Seattle Yachts employs Unifused™ fully-stacked resin-infused laminate in both its Northwest and Alaskan lines to optimize strength-to-weight ratios in all major parts. This process involves fully dry-assembling the “stack” of reinforcing fabric, then sealing that reinforcing under a layer of air-tight heavy-duty plastic sheeting and using vacuum (negative pressure) to draw catalyzed resin through all of the assembled reinforcing material for a uniform and complete wet-out.


In our hulls, cores are used only above the waterline to maximize structural rigidity per unit laminate weight . Where cores are used above the waterline in primary structural components, all such cores are of the highest quality, high-density fully engineered PVC foam to optimize the attained mix of mechanical properties such as sheer strength, resistance to heat, and impermeability to moisture.

All cores used are of the “scored” variety to facilitate fitting to curved surfaces and to aid in drawing core bonding material up through the core layer under vacuum, thereby assuring a 100% bond of the core to the substrate laminate, completely filling the bonding passages in the cores, and preparing the top surface of the core layer for the application of the interior laminate layers.

Vinyl Ester Resins

Our Northwest and Alaskan hulls, decks, and superstructures are molded using the highest quality vinyl ester gel coat resin for the unreinforced initial exterior protective layers and vinyl ester laminating resins for the first 3 to 4 exterior back-up layers to improve resistance to moisture permeation and yield the best, most durable exterior laminate available in the industry.

We also employ vinyl ester sealing layers on the interiors of its hulls and other major structural parts because moisture intrusion does not always come just from the outside of the vessel.

Well established in various industrial applications, vinyl ester resins are formulated to perform in a variety of applications where increased strength and durability over polyester resins are required. And in most cases, they offer the best mix of physical and applications-related properties as between polyester and straight epoxies.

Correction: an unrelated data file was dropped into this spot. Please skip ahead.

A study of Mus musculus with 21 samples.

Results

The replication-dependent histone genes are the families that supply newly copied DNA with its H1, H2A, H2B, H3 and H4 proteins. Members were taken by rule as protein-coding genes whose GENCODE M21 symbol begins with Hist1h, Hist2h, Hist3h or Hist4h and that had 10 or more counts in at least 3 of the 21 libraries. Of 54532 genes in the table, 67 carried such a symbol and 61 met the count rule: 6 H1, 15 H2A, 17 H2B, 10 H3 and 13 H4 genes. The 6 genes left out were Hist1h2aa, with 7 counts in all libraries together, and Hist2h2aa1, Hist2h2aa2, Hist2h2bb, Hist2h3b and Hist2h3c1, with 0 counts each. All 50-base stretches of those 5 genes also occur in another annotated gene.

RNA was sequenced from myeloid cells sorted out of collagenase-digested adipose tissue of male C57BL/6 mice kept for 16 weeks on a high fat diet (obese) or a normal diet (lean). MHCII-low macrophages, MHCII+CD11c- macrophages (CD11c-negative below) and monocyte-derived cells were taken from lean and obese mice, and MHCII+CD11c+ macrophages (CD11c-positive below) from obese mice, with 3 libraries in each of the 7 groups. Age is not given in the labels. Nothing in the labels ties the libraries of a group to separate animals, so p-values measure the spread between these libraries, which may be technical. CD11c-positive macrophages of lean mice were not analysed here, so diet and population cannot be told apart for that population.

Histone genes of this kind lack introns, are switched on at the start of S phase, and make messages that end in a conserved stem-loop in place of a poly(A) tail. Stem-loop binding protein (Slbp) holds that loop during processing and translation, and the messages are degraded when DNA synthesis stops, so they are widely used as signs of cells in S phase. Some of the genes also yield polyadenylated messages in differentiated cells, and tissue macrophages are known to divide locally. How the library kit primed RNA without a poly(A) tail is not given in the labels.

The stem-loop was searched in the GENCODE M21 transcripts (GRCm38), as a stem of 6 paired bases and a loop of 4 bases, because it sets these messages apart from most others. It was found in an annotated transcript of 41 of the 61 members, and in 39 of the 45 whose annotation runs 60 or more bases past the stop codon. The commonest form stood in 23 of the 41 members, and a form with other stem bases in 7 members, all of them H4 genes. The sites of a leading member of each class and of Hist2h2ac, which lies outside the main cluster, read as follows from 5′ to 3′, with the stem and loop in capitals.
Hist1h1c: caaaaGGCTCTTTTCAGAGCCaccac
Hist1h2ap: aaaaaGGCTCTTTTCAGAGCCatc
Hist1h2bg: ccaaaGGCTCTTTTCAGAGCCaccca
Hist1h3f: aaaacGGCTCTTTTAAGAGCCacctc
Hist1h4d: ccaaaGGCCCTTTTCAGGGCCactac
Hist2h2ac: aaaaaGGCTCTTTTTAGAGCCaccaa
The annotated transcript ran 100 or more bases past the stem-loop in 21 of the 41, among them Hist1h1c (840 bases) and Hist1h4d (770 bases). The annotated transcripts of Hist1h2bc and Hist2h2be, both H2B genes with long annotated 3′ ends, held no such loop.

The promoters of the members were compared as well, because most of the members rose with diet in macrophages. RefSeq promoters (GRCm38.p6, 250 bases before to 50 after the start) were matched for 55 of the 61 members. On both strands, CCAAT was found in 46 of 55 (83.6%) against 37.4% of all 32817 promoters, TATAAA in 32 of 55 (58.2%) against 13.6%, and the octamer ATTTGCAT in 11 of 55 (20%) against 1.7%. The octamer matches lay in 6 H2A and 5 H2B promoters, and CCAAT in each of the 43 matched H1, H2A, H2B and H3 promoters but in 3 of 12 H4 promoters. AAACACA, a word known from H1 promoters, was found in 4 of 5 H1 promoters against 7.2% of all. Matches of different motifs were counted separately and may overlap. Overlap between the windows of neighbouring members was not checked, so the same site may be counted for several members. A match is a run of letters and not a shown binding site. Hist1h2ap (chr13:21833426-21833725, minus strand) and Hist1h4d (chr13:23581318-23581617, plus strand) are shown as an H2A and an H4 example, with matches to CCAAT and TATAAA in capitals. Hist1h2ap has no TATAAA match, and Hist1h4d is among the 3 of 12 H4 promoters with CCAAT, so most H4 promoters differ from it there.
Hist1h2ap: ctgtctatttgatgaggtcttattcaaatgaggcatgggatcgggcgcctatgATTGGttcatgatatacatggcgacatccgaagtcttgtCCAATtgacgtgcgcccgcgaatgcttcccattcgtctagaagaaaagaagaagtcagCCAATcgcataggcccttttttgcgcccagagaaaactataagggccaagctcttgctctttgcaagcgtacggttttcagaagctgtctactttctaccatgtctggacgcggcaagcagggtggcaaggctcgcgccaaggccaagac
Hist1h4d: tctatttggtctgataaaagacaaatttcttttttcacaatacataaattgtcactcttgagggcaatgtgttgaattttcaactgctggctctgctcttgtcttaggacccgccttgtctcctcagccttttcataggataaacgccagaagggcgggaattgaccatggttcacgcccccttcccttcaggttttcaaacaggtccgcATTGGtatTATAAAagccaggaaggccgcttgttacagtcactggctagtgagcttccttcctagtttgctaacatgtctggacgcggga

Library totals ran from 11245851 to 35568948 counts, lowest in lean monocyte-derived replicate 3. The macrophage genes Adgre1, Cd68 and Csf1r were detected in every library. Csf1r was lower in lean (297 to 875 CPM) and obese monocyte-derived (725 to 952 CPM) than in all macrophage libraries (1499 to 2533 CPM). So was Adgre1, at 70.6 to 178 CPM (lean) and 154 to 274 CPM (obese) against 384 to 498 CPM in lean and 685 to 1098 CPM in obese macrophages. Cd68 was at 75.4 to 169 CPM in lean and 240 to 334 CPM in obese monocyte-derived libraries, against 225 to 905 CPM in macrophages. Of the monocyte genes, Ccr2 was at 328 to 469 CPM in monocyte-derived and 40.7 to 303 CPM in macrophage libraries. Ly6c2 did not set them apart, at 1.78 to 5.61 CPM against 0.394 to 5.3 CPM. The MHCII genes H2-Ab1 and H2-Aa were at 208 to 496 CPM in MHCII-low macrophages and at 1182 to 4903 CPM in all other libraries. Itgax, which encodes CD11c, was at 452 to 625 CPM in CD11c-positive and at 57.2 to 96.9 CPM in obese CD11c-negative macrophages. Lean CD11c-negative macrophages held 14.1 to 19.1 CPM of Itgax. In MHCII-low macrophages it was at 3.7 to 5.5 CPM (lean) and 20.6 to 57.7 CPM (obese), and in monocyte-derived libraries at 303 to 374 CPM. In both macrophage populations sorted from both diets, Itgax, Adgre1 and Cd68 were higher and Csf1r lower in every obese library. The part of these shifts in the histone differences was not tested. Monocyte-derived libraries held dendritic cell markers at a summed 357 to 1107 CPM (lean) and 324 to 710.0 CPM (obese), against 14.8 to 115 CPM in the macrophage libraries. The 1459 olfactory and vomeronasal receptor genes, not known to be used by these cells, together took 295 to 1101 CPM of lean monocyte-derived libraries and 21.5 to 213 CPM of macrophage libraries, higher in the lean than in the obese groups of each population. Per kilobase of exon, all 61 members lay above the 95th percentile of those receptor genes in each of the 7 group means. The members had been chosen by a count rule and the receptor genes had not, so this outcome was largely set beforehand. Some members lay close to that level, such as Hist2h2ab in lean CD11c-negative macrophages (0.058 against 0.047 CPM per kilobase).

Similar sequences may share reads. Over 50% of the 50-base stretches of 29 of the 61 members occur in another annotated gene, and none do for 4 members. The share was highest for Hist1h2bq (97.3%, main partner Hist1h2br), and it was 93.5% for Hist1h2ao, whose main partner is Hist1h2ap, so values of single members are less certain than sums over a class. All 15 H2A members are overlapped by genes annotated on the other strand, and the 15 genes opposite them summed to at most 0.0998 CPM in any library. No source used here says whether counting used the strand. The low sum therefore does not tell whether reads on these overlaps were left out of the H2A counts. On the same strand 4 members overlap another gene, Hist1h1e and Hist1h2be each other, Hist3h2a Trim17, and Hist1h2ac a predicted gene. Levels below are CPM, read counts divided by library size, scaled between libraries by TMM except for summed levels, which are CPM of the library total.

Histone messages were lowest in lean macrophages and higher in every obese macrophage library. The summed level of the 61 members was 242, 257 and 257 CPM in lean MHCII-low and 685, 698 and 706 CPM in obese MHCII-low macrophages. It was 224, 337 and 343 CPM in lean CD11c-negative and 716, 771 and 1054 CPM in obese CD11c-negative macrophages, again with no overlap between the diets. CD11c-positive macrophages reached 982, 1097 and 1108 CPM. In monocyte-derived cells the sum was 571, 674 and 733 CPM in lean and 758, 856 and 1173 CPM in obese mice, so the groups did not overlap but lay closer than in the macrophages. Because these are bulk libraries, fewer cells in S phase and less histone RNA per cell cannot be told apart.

Our experience is that vinyl ester resins are superior to unsaturated polyester resins for boatbuilding purposes. Chemically, vinyl esters develop a polymer (a giant-molecule plastic) that is formed molecularly with a polyester backbone and epoxy terminations at the ends of its molecules and are based on either bisphenol-A or novolac-type chemistry with methacrylic acid forming the polymer.

Vinyl esters are used extensively to produce corrosion resistant tanks, pipe and other components because they have a higher resistance to corrosive chemicals and environments than unsaturated polyesters. Similarly, vinyl ester resins have proven themselves in boatbuilding where they greatly enhance moisture-resistance in the outer laminate layers of hulls and other critical structural parts. Which is why Seattle Yachts uses them extensively in our construction processes.

Glass Fiber and Other Reinforcing Fabrics

One of the advantages of FRP (fiber reinforced polymer, aka GRP or glass reinforced plastic) is that unlike steel or aluminum, it is not a homogeneous material. The exact mechanical properties of a given FRP laminate depend heavily on the type, amount, placement, and orientation of the reinforcing fibers and the material from which those fibers are made.

By selecting what type of reinforcing to use, how much of it to use, where to put it, and how to orient the fibers, a laminate engineer can optimize the strength-to-weight and the stiffness-to-weight ratios of an FRP structure. And because yachts are mobile structures which require an input of motive power, the better those ratios can be made, the better the yacht will perform — whether you’re judging performance in terms of speed, range, longevity, or durability.

If you like to discuss the construction details of our Northwest and Alaskan yachts or the details of any of the yachts we sell as dealers, call or email us. We’re always happy to talk shop.